Stretches of the River Trent and Tame that were badly affected by recent pollution incidents will get an early Christmas stocking of thousands of baby fish this winter.

The Environment Agency’s Calverton Fish Farm, near Nottingham, will be providing tens of thousands of young fish including chub, dace, barbel,  roach and bream.

Many of the fish are destined for a new home in the River Trent both downstream of Stoke on Trent and close to Burton on Trent. These fish will help to re-populate a stretch of the river that was badly affected by last month’s cyanide pollution.

Many others will be released into the River Tame, which was badly affected by pollution during summer storms a few months ago.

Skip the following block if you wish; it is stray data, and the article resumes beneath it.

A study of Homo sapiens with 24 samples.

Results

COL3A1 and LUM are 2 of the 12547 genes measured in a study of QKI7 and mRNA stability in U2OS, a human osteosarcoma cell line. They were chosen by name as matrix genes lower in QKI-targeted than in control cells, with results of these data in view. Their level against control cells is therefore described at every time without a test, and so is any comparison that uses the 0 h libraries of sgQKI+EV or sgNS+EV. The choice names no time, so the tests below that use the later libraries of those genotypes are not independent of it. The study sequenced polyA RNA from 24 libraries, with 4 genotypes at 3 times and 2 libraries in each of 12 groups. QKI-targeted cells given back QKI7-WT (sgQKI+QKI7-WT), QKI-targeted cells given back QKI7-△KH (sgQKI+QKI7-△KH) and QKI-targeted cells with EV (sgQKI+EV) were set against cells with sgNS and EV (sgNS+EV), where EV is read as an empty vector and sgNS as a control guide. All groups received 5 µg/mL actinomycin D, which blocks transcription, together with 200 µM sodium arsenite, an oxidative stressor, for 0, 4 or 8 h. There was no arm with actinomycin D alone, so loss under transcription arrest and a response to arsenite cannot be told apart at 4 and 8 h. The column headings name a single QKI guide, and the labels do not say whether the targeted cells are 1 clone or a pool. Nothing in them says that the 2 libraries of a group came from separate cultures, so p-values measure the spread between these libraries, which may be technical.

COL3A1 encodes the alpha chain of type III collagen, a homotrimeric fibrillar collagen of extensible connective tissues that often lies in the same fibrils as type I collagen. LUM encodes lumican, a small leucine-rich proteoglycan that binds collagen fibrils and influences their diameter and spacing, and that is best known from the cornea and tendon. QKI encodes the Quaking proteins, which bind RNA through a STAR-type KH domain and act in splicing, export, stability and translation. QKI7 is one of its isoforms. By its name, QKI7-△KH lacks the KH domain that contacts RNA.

The more mature fish, currently two to three years old, will be released into the rivers this winter.  By early summer next year, we plan to introduce baby fish (fry) and those up to a year old. Using such a wide range of ages will help fish stocks to recover more quickly.

Over the next five years or so, we will continue to build up fish stocks in the affected stretches of river by carrying out more re-stockings.

Nick Eyre, Fish Farm Technical Officer at Calverton, says “Calverton is once again taking urgent action to re-stock rivers that have suffered from pollution. We can only do so because we are funded by anglers who buy rod licences.  Later, if we can, we will seek to reclaim the cost from the polluters but it is important to act now to bring fish back to our rivers.

“But this is only the start. Over the next five years or so, we will continue to build up fish stocks in the affected stretches of river by releasing even more young fish.